Pincher Martin opera at Britten Theatre, Royal College of Music

Adapting Golding’s Pincher Martin is a daunting task. The novel tells the story of Christopher ‘Pincher’ Martin, who is shipwrecked in the Atlantic Ocean and marooned on an isolated rock. The power of the narrative comes from Golding’s masterful prose as he describes – often in agonising detail – the final moments of Martin’s life, and his recollections of key events in his past. This is very much a book about words, but in this first-ever adaptation of the novel, composer Oliver Rudland combines the lyrical beauty of Golding’s prose with some wonderfully evocative music.

The curtain came up on the stage to reveal a single figure wearing a lifebelt: Pincher. In a fusion of the traditional and the new – an innovation which worked to considerable effect throughout the production – a huge video screen showed enormous waves crashing as the orchestra’s music grew louder and louder. Quite an introduction! Pincher (Miles Horner) sings desperately for help as he is caught up in the tumultuous waves. With difficulty, he eventually removes his sea-boots before making for a rock.

The staging of the opera is deceptively simple. Since the stage has to accommodate both Pincher’s position on the rock, and his flashbacks, everyday objects are combined with rock – a desk has one rocky edge; a grandfather clock (very important in the book) has a rocky mass; and my particular favourite, Pincher’s car, which is half rock, half car although the ‘rocky’ part has a headlight which glows! These objects are rotated by stagehands depending on the scene.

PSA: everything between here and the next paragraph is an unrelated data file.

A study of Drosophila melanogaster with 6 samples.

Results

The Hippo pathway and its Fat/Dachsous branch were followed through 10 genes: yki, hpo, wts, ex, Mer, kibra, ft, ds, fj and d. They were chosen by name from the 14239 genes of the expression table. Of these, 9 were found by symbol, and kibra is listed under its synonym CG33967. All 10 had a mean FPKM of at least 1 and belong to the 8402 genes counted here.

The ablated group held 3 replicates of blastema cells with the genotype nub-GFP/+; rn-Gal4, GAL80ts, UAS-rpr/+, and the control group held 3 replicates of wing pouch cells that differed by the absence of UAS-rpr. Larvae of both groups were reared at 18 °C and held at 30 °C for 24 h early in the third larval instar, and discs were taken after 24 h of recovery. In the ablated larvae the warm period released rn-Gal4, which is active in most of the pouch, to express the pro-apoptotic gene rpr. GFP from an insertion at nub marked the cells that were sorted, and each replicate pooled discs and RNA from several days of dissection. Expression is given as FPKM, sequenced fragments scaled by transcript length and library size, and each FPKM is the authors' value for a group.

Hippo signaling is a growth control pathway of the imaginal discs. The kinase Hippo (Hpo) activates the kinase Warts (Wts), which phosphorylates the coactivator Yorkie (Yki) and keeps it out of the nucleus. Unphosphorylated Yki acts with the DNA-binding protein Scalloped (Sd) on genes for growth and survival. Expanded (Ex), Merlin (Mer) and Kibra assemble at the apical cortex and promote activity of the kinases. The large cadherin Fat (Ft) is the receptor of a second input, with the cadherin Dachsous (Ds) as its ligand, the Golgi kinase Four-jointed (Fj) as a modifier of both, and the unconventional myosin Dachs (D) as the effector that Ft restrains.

The music is at times utterly extraordinary and what really stood out was the way in which the music connected the two worlds presented here – Pincher’s rock and his descent into madness, and his flashbacks in various locations.  Rudland writes on our site: ‘I was able to mirror Golding’s stream of consciousness technique with a musical dramatic technique which set up a similar chain of associations, so that a cry for help becomes the alarm of hearing a bicycle bell behind one unexpectedly, which becomes the chime of a clock in a study, which becomes Big Ben striking, which becomes a flash of lightning’. This has a unifying effect allowing the opera to slip fairly seamlessly between different times and places; a difficult aspect of the novel to adapt. The orchestral rendition of the seagull cry truly needs to be heard to be believed – a real triumph.

This adaptation really is a must-see; it contains excellent vocal performances, innovative staging and there’s a real sense of excitement in watching the story unfold. I was lucky enough to watch the show with William Golding’s daughter, Judy Carver, who commented:

‘Oliver Rudland’s impressive and vigorous operatic adaptation of my father’s novel Pincher Martin is a really good exposition of this complex book. Rudland’s music, always dramatically focused but often beguilingly lyrical, provides an allusiveness and thematic resonance to rival that of language. The production was very carefully realised, in a way that was both innovative and respectful of the novel, and visually very exciting, and the musical performers achieved a standard of excellence which would have gratified my father. A wonderful experience.’

The Pincher Martin opera is on at the Britten Theatre, Royal College of Music, July 24th-July 26th.